Technological advances such as the rollout of 5G and the opportunity to connect devices and analyse data in real time and/or using artificial intelligence, have the potential to open up a wealth of opportunities across the manufacturing industry.
Figures from UK5G suggest that IoT-enabled initiatives to release the full potential of existing infrastructure alone could be worth more than £6bn per year to UK manufacturing, with benefits being felt in terms of improvements to everything from new product development, prototyping, sourcing raw materials or components and production, to inspection and quality control, packing, distribution, maintenance and servicing.
With such substantial gains to be made, the case for pursuing greater use of data led technologies is clear. However, the same data-processing advances that are enabling the fourth industrial revolution also mean that previously hypothetical security threats are also moving ever closer to reality.
Protecting manufacturing data and software from unauthorised access and modification requires the use of cryptographic algorithms, specifically encryption and digital signature algorithms. Together these can ensure that the data/software hasn’t been altered, it comes from a known source, and is protected for confidentiality.
For the past 20 years, the current encryption and digital signature algorithms have served this purpose well but, with the advent of quantum computers, this could all be about to change. Various experts predict that quantum computers will be available to state actors within 3-10 years and, once available, could be used to break these algorithms.
To address this, the US Department Commerce’s National Institute of Standards and Technology (NIST) announced the first results of its 6-year effort to standardise on new quantum-resistant algorithms earlier this summer. Three new digital signature algorithms have been announced and one encryption algorithm, with further encryption algorithms to follow.
You can view the full announcement here.
What are the risks and how can we protect our business?
Generating, ensuring safe access to and analysing ever growing amounts of data is key to realising the benefits offered by Industry 4.0, with massive amounts of data being harvested across the industry that could potentially become vulnerable to bad actors.
For example, steel production plants store large volumes of quality data that may be of interest to competitors; chemical production sites store analytical data and statistical process control algorithms that could be at risk; artificial intelligent algorithms could be leaked to competitors; while data breaches in critical infrastructure could potentially be disrupted by malicious state actors.
To date, data has typically been encrypted to ensure it is kept confidential, then signed with a digital signature to prove that it hasn’t been altered.
It was thought that current cryptographic algorithms would take many years to be broken using conventional computers. However, the exponential boost in processing power delivered by quantum computing poses a very real threat to this assumption.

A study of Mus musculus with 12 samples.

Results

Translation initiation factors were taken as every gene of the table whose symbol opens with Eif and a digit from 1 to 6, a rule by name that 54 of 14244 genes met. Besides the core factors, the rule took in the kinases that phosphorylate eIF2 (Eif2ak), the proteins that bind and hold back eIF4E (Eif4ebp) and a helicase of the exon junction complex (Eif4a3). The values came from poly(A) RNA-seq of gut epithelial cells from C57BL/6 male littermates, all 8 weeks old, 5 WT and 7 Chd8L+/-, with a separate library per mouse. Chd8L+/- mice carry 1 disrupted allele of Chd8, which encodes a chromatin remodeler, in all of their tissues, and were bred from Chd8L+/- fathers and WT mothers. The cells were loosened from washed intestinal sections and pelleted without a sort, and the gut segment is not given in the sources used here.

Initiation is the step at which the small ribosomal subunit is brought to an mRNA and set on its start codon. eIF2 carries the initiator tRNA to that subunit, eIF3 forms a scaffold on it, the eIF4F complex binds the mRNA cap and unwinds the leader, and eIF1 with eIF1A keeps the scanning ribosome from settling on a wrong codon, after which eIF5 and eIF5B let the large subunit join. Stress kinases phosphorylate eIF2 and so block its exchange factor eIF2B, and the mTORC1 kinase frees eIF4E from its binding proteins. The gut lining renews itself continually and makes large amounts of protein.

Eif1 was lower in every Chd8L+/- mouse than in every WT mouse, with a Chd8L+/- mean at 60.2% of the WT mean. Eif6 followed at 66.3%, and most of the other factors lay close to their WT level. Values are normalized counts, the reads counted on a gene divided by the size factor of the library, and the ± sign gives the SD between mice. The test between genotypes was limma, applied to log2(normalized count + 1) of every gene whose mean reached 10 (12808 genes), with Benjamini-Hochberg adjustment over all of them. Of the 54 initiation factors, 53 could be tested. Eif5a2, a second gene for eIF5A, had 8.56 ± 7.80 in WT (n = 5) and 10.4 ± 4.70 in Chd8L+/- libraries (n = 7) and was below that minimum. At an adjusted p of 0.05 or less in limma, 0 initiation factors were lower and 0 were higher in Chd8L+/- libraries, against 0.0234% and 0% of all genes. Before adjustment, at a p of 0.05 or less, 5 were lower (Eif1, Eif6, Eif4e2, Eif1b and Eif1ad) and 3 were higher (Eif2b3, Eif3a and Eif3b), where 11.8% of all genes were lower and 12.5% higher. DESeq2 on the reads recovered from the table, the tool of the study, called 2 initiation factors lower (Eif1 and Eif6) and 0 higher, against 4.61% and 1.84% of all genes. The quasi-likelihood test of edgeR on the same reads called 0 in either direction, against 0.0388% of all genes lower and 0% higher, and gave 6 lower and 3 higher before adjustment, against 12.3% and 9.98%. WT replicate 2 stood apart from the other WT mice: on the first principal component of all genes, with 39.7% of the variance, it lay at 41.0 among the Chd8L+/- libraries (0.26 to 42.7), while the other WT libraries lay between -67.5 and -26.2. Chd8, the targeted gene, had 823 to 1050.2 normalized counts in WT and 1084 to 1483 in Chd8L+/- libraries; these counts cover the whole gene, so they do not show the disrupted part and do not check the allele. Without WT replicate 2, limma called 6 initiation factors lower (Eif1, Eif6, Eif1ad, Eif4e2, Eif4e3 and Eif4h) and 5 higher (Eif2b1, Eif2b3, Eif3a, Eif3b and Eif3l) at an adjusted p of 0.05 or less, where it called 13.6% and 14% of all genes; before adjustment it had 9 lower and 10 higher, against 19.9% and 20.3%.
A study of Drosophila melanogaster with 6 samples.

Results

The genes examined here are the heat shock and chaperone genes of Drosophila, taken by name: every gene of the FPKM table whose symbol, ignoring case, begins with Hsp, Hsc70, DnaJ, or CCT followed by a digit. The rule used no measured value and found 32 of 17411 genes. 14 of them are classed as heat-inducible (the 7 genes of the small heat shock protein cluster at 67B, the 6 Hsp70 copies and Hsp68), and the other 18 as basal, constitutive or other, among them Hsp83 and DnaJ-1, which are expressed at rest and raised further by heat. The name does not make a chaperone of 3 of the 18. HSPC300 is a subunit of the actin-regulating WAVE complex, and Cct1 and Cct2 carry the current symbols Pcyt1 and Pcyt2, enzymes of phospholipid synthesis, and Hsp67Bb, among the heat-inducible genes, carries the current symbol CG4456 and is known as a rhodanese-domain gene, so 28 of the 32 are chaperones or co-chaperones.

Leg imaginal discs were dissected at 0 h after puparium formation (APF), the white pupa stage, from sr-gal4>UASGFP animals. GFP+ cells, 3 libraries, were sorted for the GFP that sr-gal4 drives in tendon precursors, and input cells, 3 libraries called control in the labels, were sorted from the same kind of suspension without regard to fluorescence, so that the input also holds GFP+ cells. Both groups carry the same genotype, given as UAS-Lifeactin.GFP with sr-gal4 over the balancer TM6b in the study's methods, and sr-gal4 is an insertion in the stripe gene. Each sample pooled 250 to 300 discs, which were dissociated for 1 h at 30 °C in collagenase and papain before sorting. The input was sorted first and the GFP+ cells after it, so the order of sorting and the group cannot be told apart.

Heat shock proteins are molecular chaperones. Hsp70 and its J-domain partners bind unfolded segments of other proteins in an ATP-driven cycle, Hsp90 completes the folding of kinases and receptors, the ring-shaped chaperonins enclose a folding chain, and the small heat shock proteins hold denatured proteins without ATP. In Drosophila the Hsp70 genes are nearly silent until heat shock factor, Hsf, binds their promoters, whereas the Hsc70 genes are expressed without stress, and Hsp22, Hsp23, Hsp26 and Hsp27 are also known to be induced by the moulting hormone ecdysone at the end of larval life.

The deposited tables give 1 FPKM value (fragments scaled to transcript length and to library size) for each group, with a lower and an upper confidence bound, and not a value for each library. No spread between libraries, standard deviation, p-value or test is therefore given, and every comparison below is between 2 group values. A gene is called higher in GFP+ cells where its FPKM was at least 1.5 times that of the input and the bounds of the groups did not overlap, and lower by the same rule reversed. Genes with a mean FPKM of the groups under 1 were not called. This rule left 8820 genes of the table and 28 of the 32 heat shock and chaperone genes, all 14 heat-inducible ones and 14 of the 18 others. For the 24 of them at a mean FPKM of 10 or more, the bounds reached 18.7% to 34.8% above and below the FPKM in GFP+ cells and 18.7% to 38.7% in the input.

In short, if you have data or software that today relies upon these algorithms, but still needs to be protected from unauthorised access and modification in the future, then you need to think about moving to the new algorithms as soon as possible.
We already know that various state actors are actively harvesting encrypted data (e.g. intellectual property data) so that it may be decrypted in the future, and safety critical software that is digitally signed today, could be maliciously updated, causing a future safety, environmental or security hazard.
How can we future proof our approach?
With this new challenge to cyber security, D-Sig is using a two-stage method:
The first is adopting a cautious approach when implementing new algorithms to make sure the implementations are truly robust. Algorithms are only being implemented within protected cryptographic hardware devices that have already gone through a formal evaluation process.
The second is giving the algorithms time to embed themselves, allowing time for large scale crypto-analysis to take place to ensure they are truly quantum-resistant.
Until we are fully confident on both points, we would encourage all manufacturers to adopt a hybrid ‘belt and braces’ approach to cyber security, implementing the new cryptographic algorithms but maintaining the current algorithms in tandem.
In practice, this means implementing double encryption and an additional digital signature: The original algorithms are used to sign and encrypt the data and then the result is signed and encrypted with the new algorithms. This creates a fall-back for the existing algorithms while adding the potential enhanced-security benefits of the new ones.
It’s an approach that requires new forms of public key certificates that are able to embed the public keys of the new digital signature algorithms – but this is quick and easy to provide through our own, proprietary software.
More about our guest blogger, Barry Arnott
Barry Arnott is the founder and CTO of D-Sig, which develops software and hardware to protect industrial data from cyber-attacks. It does this by the use of strong cryptographic algorithms, such as encryption and digital signatures, and the use of cryptographic hardware devices. Barry was a member of the Worcestershire Betaden Technology Accelerator cohort 4 in 2021.